Business Intelligence (BI) refers to the tools, technologies, applications, and practices used to collect, integrate, analyze, and present an organization’s raw data in order to create insightful and actionable business information.BI as a discipline and as a technology-driven process is made up of several related activities, including: Data mining, Online analytical processing, Querying and Reporting.
Business Intelligence software systems provide historical, current, and predictive views of business operations, most often using data that has been gathered into a data warehouse or a data mart and occasionally working from operational data. Software elements support reporting, interactive “slice-and-dice” pivot-table analyses, visualization, and statistical data mining. Applications tackle sales, production, financial, and many other sources of business data for purposes that include business performance management. Information is often gathered about other companies in the same industry which is known as benchmarking.
Business intelligence tools are essentially data-driven Decision Support Systems (DSS). BI is sometimes used interchangeably with briefing books, report and query tools, and executive information systems. With these tools, business people can start analyzing the data themselves, rather than wait for IT to run complex reports. This information access helps users back up business decisions with hard numbers, rather than only gut feelings and anecdotes.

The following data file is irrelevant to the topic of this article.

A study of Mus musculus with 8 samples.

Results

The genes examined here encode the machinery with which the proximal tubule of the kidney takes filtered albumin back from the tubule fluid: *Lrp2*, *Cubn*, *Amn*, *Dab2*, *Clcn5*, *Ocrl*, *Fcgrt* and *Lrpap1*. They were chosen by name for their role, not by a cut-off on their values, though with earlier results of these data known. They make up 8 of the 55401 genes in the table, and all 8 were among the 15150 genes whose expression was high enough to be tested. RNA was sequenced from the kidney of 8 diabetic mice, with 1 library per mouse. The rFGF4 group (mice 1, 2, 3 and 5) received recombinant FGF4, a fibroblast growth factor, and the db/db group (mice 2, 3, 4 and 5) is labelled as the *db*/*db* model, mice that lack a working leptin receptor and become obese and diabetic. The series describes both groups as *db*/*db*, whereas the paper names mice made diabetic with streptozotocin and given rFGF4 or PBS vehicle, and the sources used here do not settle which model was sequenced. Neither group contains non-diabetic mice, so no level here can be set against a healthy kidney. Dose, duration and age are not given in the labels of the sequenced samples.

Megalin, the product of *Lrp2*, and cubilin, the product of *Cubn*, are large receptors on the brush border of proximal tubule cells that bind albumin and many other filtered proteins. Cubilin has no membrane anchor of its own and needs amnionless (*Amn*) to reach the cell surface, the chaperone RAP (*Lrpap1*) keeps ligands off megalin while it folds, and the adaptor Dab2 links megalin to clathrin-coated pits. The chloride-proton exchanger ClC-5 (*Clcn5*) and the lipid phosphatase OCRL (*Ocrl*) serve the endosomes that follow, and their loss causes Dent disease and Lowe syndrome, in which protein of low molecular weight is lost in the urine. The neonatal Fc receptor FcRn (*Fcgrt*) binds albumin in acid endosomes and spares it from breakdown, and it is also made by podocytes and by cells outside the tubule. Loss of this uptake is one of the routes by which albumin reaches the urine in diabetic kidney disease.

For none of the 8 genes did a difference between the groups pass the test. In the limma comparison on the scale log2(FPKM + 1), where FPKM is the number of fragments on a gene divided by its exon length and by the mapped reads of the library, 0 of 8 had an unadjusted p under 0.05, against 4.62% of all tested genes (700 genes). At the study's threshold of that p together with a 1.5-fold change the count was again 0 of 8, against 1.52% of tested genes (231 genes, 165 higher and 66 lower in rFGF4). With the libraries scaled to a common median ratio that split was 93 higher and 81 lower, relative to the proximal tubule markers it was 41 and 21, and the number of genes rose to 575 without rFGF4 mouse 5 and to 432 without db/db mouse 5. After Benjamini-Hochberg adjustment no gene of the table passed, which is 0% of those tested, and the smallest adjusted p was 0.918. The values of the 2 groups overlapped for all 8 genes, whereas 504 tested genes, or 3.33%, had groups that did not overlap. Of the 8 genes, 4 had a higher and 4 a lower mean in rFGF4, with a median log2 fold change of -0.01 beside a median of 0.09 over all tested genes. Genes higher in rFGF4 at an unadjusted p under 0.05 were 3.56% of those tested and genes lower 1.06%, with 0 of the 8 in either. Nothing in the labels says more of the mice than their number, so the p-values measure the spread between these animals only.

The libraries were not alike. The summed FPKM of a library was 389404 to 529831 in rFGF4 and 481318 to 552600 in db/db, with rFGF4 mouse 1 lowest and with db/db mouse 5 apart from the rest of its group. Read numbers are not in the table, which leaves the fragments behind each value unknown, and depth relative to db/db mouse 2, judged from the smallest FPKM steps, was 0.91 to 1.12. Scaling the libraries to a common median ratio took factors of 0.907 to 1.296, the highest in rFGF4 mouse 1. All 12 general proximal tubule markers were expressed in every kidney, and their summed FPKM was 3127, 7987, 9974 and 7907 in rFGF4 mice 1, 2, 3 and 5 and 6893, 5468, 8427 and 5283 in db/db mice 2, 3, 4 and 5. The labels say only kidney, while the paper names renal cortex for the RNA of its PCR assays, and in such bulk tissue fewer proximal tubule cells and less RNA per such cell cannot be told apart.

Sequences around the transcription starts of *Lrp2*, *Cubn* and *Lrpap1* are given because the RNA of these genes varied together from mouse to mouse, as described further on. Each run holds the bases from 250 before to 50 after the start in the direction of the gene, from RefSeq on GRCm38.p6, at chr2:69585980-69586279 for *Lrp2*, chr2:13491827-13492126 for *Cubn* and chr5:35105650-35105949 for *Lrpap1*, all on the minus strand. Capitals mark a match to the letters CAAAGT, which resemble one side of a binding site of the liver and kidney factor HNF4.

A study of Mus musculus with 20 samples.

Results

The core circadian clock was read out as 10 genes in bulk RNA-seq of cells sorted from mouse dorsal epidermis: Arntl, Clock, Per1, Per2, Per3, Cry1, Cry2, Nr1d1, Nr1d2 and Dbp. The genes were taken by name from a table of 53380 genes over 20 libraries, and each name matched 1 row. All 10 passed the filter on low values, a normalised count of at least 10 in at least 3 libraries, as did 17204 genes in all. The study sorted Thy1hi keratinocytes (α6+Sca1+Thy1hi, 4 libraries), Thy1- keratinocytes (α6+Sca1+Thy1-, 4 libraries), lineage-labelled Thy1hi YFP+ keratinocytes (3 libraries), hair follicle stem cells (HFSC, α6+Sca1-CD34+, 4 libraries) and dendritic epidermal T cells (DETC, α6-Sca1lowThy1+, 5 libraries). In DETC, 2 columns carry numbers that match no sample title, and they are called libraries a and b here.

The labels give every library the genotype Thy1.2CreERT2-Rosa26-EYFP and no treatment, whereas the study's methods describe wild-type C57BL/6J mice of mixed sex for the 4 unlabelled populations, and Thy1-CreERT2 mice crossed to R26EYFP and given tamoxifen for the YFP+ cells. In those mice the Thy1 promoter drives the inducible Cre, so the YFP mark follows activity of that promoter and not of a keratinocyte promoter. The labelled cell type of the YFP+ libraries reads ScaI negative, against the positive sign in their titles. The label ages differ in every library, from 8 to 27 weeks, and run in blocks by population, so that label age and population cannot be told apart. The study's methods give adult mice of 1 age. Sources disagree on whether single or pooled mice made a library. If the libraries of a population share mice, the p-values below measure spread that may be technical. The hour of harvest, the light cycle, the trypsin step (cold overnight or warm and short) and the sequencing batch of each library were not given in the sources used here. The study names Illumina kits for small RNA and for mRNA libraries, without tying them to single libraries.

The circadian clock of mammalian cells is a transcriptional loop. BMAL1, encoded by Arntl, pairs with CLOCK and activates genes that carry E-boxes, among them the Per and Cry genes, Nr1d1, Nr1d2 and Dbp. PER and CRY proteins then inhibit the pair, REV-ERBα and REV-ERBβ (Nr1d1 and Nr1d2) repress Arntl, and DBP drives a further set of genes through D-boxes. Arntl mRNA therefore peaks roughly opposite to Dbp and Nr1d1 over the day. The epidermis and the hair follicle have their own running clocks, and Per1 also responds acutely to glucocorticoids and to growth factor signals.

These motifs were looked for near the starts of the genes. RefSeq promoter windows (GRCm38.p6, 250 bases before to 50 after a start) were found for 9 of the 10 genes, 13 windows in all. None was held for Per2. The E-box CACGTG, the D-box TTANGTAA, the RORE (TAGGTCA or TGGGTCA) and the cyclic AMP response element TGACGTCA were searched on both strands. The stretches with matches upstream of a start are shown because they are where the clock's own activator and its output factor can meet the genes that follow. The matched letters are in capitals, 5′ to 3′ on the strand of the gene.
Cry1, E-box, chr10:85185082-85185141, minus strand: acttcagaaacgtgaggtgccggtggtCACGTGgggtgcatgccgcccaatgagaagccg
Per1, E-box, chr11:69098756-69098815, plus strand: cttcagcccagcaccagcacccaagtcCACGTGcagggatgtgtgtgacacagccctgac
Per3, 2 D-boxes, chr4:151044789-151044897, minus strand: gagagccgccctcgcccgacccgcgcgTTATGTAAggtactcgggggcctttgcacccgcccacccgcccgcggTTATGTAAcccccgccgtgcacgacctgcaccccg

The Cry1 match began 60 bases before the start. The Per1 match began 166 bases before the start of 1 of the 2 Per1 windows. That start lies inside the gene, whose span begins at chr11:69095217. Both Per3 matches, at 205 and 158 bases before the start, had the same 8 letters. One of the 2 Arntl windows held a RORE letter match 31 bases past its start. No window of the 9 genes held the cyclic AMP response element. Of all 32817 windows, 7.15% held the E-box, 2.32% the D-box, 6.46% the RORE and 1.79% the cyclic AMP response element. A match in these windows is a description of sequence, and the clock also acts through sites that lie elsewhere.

The potential benefits of business intelligence programs include: accelerating and improving decision making, optimizing internal business processes, increasing operational efficiency, driving new revenues, gaining competitive advantages over business rivals. Identifying market trends, spotting business problems that need to be addressed.
Remember, BI is about more than decision support. Due to improvements in the technology and the way CIOs are implementing it, BI now has the potential to transform organizations. CIOs who successfully use BI to improve business processes contribute to their organizations in more far-reaching ways than by implementing basic reporting tools.